HomeCommunityMAKI Festival captures minds of community

MAKI Festival captures minds of community

MAKI Festival
MAKI Festival's Emerson Ysayama, Leonora Lumby, Jamie Kershaw, Carter Hanley, Joel Fergie, Damien Tracey and Daniel Johnsen were set to hack, make and create with the local community.

Critical thinkers, problem solvers and decision makers rolled up their sleeves for MAKI Festival 2021.

On Saturday, MAKI Space invited the community to take part in several workshops to stimulate pathways of creation with the MAKI Festival.

The Bundaberg Region is well known for its history of innovation, from Toft cane harvesters, Avokah irrigators and Jabiru aircraft, there has been many great ideas stemming from the area.

The creative atmosphere at MAKI Festival had locals thinking outside the box with technology and innovation, exploring ways to solve, and the ideas that flowed were endless.

Community Lifestyle Support CEO Damien Tracey said in today’s world the pace of innovation was exciting, and modern technology was becoming more accessible to the wider community.

“Advance manufacturing and technology is so widely available now compared to five years ago, and it’s really cool to think what will be happening five years from now.

“This space will evolve year on year.

“The pace of innovation we have seen over the last five years, is only going to continue and may well escalate.”

Damien said innovators were less conservative than previous decades, and it was beneficial as ideas flourished when shared in early stages.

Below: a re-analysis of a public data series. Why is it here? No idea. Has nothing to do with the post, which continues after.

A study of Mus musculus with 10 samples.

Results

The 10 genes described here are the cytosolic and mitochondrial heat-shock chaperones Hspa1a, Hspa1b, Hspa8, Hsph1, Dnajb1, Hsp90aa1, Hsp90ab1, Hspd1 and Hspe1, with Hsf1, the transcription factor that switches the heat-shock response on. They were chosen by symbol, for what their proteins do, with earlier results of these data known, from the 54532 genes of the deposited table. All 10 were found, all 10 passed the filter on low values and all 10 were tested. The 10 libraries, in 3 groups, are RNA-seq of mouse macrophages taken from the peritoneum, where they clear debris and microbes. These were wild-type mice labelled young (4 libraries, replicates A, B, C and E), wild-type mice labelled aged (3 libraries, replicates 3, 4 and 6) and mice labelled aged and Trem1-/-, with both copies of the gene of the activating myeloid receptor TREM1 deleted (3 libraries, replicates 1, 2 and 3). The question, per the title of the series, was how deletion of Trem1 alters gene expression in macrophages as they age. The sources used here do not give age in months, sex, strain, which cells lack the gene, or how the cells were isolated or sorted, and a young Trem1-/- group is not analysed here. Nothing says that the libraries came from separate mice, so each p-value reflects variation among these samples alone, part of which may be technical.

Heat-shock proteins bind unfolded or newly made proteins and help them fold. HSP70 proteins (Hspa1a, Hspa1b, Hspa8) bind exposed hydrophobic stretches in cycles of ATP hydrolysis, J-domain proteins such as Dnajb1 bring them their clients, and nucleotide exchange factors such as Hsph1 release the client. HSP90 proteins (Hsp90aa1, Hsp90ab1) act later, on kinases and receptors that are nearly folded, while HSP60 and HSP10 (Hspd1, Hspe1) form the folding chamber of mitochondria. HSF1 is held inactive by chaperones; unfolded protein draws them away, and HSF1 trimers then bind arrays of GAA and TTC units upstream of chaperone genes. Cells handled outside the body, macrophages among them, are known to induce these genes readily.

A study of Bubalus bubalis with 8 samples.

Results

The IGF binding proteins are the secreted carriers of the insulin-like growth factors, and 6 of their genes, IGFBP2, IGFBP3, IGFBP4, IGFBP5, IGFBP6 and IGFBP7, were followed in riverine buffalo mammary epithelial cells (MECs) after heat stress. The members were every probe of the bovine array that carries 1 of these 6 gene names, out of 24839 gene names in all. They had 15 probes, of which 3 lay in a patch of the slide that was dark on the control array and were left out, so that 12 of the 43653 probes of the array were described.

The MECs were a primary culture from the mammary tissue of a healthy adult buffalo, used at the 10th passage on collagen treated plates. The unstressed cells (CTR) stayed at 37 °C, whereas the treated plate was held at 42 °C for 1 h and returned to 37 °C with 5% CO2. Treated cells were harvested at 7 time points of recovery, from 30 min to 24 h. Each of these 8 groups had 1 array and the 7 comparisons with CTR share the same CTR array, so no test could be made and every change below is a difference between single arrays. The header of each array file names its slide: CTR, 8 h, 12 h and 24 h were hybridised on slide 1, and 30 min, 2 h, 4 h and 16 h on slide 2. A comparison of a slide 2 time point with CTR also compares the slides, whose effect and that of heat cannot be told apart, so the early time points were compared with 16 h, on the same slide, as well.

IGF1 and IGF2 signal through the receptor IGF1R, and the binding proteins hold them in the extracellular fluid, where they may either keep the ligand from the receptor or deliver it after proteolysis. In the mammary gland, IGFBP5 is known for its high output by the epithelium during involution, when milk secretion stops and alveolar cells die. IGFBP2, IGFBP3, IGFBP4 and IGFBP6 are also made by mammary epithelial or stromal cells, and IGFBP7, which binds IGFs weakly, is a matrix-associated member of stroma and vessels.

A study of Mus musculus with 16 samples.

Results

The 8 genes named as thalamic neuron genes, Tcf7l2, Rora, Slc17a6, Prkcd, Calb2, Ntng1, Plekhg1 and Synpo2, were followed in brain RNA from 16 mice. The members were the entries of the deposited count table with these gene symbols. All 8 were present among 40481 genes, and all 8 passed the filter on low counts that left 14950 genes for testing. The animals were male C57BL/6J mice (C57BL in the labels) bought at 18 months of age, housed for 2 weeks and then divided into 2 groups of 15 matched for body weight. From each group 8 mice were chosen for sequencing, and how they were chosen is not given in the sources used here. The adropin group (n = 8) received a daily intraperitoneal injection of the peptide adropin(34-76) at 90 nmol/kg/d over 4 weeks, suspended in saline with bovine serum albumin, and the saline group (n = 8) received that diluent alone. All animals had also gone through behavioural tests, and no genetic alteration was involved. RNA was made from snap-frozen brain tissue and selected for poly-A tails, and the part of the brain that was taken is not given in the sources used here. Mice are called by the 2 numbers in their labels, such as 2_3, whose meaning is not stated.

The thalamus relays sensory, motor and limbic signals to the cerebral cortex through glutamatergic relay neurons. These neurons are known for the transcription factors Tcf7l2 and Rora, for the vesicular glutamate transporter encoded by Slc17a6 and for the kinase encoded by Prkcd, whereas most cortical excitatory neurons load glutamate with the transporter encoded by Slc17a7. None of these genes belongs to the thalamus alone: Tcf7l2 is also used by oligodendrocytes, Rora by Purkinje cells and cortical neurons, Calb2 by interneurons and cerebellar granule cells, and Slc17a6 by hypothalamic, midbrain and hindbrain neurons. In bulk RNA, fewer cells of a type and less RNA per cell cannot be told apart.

“Rather than waiting until an idea is perfect before you do it, the i's dotted and t's crossed, we get it out and come off the back of it, debrief and learn from it,” he said.

MAKI Festival
MAKI Festival participants Trudie Leigo and Shelley Pisani enjoyed learning new ways to create using modern innovation at the MAKI Space.

As a practising artist Shelley Pisania said by taking part in the 3D and design workshop she would now be able to integrate what she had learnt into her artistic practice.

“Just to have this equipment, which may not be affordable for everyone to buy, and access the equipment and training on how to use it, is a great leverage point particularly for the creative industries,” she said.

“Here they can prototype things, they test different things in way you cannot normally do in a regional community as there is not always access. It really is great.”

Community Lifestyle Support Social Enterprise Manager Leonora Lumby said the MAKI Festival workshops were a great way to introduce what was available at the centre to the public.

Leonora said the workshops were all well attended, and she said there were plans for a second MAKI Festival in August and anyone interested in attending should check the Facebook page for details.